The sun was on its way to setting when I wrapped my emails and set off up the dusty road. I faced a solid chase; the bus had set off at noon, miraculously on schedule as it careened up the steep track. I now plodded up behind it; the weight of all the climbing garbage on my back made my boots sink up to the laces in the fine powder with every step.
I moved north up the line connecting Melamchi and Sirmathang. Time and time again, I’d pass rice farmers wrapping the day’s work; walking home either with giant scythes at their waist or bent under tubfuls of firewood or straw. They carry the goods in floppy sandals, up hill after hill. They carry as children, and carry as grandparents. We’ve forgotten what it means to carry, and they carry with a smile.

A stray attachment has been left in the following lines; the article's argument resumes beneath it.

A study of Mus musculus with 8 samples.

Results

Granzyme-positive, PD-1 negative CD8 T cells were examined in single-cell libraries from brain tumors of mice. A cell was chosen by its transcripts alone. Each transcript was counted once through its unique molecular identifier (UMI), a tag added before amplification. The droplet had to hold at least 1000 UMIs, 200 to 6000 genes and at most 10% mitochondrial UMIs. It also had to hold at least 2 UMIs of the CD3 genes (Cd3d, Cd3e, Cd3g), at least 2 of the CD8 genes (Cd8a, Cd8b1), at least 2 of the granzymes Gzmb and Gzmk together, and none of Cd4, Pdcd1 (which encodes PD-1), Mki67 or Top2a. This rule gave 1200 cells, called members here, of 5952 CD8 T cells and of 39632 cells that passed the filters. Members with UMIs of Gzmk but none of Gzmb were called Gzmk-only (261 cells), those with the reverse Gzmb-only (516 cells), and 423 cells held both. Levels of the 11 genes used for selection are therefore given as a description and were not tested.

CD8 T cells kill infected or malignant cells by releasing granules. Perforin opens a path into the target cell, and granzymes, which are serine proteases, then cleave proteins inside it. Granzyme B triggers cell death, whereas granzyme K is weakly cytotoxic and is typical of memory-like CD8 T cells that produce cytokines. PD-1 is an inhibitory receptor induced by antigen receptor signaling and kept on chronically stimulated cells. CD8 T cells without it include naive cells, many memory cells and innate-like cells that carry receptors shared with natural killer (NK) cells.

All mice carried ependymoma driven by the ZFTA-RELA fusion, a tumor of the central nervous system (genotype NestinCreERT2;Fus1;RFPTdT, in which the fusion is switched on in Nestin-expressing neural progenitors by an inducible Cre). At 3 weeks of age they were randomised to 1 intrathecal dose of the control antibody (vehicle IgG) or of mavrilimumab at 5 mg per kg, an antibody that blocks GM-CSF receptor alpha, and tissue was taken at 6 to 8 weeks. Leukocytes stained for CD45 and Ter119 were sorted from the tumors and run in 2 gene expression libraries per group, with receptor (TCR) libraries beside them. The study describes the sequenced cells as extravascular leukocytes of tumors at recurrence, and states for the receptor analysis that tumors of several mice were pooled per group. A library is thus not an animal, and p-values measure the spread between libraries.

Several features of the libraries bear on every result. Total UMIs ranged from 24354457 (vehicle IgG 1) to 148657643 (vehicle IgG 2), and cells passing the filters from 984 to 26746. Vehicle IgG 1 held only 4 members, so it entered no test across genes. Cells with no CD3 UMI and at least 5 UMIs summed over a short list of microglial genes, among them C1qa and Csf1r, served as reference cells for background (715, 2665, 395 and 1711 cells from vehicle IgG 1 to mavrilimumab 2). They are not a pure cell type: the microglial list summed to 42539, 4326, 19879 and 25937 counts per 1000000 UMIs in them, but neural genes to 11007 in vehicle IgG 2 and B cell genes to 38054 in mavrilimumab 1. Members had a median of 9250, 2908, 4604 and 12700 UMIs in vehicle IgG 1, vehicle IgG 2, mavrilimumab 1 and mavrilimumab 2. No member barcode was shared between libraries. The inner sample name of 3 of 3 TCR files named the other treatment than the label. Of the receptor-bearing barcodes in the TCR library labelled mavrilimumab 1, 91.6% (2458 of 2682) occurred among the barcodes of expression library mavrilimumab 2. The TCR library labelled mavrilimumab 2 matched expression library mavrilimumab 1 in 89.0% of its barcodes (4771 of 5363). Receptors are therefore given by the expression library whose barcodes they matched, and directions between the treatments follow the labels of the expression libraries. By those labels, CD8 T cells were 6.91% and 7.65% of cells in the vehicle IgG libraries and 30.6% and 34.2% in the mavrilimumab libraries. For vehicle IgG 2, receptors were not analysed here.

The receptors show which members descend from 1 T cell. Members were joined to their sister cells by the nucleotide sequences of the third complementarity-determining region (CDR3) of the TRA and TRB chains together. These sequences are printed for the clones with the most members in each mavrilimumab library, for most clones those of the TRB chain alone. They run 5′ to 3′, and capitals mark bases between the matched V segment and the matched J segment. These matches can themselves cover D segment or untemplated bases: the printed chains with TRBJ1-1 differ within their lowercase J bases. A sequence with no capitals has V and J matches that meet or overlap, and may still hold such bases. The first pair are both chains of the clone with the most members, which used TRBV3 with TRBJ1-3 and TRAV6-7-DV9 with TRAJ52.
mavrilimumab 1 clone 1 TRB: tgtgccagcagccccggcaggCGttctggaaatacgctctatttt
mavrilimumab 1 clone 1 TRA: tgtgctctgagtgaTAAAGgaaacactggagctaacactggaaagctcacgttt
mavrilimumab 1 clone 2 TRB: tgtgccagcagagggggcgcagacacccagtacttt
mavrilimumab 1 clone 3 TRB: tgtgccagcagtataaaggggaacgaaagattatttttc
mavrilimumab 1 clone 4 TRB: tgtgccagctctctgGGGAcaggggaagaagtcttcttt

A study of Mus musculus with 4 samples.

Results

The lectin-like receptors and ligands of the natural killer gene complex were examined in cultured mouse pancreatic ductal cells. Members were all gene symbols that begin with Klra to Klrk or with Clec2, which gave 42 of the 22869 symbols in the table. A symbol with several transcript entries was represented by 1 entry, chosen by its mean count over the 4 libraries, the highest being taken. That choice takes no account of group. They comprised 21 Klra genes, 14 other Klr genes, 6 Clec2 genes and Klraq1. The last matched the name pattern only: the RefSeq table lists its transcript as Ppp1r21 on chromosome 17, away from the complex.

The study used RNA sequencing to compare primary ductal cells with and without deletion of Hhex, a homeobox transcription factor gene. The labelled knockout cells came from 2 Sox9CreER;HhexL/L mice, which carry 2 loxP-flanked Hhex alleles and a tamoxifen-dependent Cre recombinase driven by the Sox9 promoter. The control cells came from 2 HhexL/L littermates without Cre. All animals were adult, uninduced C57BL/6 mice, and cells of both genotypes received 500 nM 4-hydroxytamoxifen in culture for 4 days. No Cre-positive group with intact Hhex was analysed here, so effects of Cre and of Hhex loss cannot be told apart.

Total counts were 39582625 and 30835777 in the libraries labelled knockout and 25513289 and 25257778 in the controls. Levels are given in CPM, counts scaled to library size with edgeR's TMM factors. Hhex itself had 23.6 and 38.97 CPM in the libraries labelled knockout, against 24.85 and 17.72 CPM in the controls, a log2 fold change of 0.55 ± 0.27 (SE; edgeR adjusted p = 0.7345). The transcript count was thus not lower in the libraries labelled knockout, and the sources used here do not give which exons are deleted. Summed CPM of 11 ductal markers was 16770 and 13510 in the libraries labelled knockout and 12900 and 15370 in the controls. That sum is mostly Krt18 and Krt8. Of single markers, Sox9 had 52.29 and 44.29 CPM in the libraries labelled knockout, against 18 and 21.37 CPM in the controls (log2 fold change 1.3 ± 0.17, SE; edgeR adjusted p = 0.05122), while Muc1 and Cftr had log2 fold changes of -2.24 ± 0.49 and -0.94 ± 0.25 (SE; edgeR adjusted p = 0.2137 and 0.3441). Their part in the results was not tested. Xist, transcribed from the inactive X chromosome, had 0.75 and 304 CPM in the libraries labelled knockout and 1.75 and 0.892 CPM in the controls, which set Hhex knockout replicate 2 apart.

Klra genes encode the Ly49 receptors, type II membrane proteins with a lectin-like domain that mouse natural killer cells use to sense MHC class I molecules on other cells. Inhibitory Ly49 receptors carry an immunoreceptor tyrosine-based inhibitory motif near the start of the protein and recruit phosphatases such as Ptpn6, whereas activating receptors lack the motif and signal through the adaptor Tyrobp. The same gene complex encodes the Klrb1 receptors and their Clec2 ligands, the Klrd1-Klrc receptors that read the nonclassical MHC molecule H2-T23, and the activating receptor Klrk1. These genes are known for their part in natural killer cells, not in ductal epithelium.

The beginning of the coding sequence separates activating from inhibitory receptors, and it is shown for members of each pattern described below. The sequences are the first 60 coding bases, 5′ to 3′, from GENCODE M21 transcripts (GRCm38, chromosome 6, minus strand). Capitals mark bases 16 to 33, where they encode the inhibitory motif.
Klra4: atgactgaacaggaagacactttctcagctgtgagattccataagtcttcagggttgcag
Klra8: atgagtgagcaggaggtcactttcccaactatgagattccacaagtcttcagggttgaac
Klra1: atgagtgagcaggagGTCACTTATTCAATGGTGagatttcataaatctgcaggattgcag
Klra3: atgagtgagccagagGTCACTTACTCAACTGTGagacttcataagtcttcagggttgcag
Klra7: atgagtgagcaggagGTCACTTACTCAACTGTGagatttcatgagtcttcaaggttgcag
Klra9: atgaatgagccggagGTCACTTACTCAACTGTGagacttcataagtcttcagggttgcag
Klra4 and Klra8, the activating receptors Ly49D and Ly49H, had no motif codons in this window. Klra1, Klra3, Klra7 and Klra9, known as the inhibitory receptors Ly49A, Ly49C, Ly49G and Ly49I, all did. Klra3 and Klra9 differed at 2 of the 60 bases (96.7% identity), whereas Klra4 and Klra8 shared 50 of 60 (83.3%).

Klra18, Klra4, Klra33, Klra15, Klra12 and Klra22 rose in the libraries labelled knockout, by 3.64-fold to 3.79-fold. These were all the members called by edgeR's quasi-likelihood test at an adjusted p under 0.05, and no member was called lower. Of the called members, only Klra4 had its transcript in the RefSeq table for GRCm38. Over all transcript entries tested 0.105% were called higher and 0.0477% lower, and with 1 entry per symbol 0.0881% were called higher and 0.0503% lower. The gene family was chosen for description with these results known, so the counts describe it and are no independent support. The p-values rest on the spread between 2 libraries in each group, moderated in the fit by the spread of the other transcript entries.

The sun set, and my pace changed. Walking by the feeble headlamp means walking in a tunnel; the world collapses down to what the lazy beam can reach. Beyond that, my fatigued imagination took over – noises became more ominous, passing monkeys more and more sinister.
I stopped late after dark, stumbling over a logger’s camp. Five hours of rest, shivering in my makeshift bivy, and I awoke to the loggers starting to load the rough cuts before dawn. I packed up, shook hands with them, and moved on, waddling the three hours up to Sirmathang with a stiff stride. I climbed above 2000 meters, and the haze began to thin as the sun boiled it off the hills.
I kept moving. The walk was getting long, but I had no time to waste; I felt behind. The sun shone hot, and I strode though what I though would be the final village. I found Meagan in Tarkenyang, a small but proper stop with a gompa and two lodges. The lukewarm shower was heaven, as was the first warm cup of tea in two days. In 17 hours, I had done the thirty-odd miles, and we were back together – it was worth it.